Moderate ahead in race for Iran presidency, initial count shows

TEHERAN (AFP) - Moderate cleric Hassan Rowhani, bolstered by a late surge in support from suppressed Iranian reformists, was leading the race on Saturday to succeed Mahmoud Ahmadinejad as president, initial election results showed.

With 36.6 per cent of ballots counted, Mr Rowhani had 50 per cent of the vote, more than three times as many as his nearest rival, conservative Tehran mayor Mohammad Baqer Qalibaf on 15 per cent, said the interior ministry.

Under Iranian law, any candidate must clear a threshold of 50 per cent plus one vote to avoid having to face the second-placed candidate in a run-off, which would be held on June 21.

More than 50.5 million Iranians were eligible to vote to find a successor to Mr Ahmadinejad, who after serving two consecutive terms was constitutionally barred from standing for office again.

And voters reportedly turned out in massive numbers for Friday's election, with Mr Rowhani benefitting from the withdrawal this week of the only moderate candidate Mohammad Reza Aref.

Mr Aref, a former first vice president, pulled out of the race on Tuesday at the urging of former reformist president Mohammad Khatami, who then threw his weight behind the 64-year-old moderate cleric.

Mr Rowhani, a former top nuclear negotiator who has vowed to mend Iran's ties with the international community, garnered nearly 6,049,655 votes from 12,091,699 ballots counted by 12pm (0730 GMT), the interior ministry said on Saturday.

Mr Rowhani led talks with world powers over Iran's controversial nuclear ambitions under Mr Khatami's presidency.

During his tenure, in 2003, the Islamic republic agreed to suspend uranium enrichment. It was restarted after Mr Ahmadinejad first became president in 2005.

Iran has been at loggerheads with world powers over its nuclear ambitions, which the West suspects is aimed at developing atomic weapons. The stand-off has resulted in the imposition of harsh economic sanctions and Teheran's international isolation.

While campaigning, Mr Rowhani promised to move to ease those sanctions, which have led to severe economic pain in the country.

Inflation is raging at more than 30 per cent, the Iranian currency, the rial, has lost nearly 70 per cent of its value, and unemployment is rising.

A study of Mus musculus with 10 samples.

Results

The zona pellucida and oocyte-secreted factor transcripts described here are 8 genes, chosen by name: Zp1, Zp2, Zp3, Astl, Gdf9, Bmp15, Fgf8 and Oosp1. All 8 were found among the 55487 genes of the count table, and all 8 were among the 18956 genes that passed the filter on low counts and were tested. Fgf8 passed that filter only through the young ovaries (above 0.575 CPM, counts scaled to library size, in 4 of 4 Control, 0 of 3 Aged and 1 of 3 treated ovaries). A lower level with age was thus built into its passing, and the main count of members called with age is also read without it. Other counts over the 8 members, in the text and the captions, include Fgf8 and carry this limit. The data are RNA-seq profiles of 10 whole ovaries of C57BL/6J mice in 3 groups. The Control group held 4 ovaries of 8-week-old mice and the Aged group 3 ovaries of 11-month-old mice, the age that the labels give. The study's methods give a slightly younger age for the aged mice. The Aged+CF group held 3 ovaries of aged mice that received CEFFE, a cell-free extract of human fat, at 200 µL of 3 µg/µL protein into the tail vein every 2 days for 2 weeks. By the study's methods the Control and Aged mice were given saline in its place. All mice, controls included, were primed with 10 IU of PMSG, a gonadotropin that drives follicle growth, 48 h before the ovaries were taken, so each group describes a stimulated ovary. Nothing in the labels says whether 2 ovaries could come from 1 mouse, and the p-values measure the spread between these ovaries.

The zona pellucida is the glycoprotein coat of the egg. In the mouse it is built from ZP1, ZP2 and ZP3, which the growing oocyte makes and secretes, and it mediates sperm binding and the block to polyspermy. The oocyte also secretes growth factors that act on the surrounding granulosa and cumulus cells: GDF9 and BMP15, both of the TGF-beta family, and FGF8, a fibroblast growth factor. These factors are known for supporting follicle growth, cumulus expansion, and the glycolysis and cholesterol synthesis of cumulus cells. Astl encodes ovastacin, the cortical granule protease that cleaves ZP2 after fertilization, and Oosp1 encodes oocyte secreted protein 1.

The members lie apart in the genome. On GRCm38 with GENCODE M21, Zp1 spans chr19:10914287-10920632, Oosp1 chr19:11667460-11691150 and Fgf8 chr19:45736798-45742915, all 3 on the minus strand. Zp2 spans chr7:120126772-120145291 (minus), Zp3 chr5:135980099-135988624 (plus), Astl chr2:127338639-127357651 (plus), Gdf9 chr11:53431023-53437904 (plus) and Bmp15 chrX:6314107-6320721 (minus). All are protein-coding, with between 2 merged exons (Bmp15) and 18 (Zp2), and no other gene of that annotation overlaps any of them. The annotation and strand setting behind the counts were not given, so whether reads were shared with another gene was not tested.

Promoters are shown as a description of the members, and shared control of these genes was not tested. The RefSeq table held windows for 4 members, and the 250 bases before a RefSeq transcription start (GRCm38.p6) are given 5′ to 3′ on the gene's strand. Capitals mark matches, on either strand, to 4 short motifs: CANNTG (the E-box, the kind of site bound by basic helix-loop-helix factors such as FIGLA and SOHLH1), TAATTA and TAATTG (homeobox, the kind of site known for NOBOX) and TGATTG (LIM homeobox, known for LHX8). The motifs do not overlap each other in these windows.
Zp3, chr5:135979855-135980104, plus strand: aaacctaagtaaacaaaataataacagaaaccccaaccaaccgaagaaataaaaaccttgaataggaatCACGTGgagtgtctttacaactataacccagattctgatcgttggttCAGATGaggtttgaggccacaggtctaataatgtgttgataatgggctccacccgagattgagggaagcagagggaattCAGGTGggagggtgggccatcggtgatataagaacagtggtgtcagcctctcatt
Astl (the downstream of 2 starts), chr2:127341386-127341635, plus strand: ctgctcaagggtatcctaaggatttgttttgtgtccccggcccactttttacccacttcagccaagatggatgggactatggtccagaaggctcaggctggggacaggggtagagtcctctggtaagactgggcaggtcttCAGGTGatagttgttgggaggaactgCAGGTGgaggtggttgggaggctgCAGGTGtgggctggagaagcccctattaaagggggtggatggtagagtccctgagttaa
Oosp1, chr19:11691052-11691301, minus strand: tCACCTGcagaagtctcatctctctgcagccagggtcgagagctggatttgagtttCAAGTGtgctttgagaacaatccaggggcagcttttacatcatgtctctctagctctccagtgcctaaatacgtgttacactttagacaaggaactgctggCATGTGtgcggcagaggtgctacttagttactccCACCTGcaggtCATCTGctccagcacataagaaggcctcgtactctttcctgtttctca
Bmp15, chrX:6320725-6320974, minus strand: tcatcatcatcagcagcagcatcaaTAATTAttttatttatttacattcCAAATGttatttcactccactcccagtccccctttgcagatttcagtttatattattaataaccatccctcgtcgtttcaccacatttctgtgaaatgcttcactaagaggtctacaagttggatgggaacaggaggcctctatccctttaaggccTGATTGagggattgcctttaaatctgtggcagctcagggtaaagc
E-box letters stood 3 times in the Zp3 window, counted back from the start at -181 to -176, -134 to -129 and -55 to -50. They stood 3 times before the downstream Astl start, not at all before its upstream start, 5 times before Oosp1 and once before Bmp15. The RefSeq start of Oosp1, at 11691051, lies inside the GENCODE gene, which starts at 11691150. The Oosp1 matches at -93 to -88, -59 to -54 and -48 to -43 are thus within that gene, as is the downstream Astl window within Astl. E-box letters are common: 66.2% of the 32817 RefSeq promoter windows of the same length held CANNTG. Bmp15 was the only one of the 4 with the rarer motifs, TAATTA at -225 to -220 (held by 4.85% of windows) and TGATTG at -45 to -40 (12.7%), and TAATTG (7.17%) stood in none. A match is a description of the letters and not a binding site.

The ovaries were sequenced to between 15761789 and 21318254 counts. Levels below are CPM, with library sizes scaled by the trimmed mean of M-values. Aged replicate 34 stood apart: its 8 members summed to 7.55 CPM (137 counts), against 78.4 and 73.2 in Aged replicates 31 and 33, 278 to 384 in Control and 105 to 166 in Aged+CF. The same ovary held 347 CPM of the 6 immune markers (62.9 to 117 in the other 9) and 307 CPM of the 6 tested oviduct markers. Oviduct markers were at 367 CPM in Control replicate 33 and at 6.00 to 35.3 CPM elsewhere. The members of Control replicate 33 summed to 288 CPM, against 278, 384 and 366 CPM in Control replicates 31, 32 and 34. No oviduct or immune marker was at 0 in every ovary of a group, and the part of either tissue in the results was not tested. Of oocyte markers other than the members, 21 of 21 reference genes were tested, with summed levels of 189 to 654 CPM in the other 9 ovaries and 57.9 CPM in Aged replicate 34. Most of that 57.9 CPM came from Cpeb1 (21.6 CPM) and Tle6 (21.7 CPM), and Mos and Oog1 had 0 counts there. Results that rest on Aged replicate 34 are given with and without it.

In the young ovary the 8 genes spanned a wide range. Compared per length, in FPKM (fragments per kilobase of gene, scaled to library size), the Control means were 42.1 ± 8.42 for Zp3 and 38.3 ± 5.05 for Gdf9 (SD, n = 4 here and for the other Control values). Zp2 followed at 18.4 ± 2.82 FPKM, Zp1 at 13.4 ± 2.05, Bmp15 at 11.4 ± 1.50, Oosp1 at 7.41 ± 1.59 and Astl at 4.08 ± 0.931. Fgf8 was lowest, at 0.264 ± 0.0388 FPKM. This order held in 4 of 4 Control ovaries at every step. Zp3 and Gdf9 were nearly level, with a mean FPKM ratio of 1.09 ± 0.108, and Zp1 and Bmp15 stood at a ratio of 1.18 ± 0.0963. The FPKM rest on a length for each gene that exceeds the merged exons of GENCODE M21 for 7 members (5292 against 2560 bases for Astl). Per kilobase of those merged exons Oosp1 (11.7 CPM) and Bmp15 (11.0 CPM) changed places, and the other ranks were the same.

On the votes counted so far, Mr Rowhani is followed by Mr Qalibaf with 15 per cent; ex-commander of the Revolutionary Guards Mohsen Rezai with 12.5 per cent; top nuclear negotiator Saeed Jalili with 11.5 per cent. All three hail from conservative camps.

Mr Jalili, Mr Qalibaf and ex-former foreign minister Ali Akbar Velayati, another candidate who is behind with only six per cent of the votes so far, are all considered close to supreme leader Ayatollah Ali Khamenei.

Mr Rowhani, who boasts of close relations with moderate ex-president Akbar Hashemi Rafsanjani, also touts his relation with Mr Khamenei, who has final decision on all key state issues, including the nuclear programme.

Mr Rowhani represented Mr Khamenei in the Supreme National Security Council, Iran' top security body, where he also served as its secretary for 16 years until 2005.

In the run-up to the disputed re-election of Mr Ahmadinejad in 2009, official election results were quickly released. But in this campaign, counting of the votes has proved to be time consuming.

Interior Minister Mostafa Mohammad Najjar said early on Saturday that his electoral staff would not "compromise accuracy for speed".

Ms Abbas Ali Kadkhodaei, the spokesman for the Guardians Council electoral watchdog, said late on Friday that "no violation" had been reported whatsoever across Iran.

Mr Ahmadinejad's re-election in 2009 sparked massive anti-regime street protests after his opponents and two reformist candidates, Mr Mir Hossein Mousavi and Mr Mehdi Karroubi, alleged wide-scale voting fraud.

Those protests, stifled by a brutal regime crackdown, led to the eventual detention under house arrest of Mr Mousavi and Mr Karroubi, and a widespread suppression of reformists.

Mr Rowhani's surge in the campaign came after Mr Khatami publically endorsed him, asking all his supporters to vote for the moderate candidate.

Mr Khatami's endorsement also gave birth to an online movement, with social networkers urging abstentionists not to waste their votes this time around.

"I will vote for Rowhani, even though I do not know him at all and did not want to vote until yesterday," said a man named Ali on his Facebook page.

"I will vote because the consensus of those wanting to save Iran is on Rowhani." Other net surfers have adopted Mr Rowhani's official colour - purple - and his symbol of a key to open the door to solutions for Iran's problems.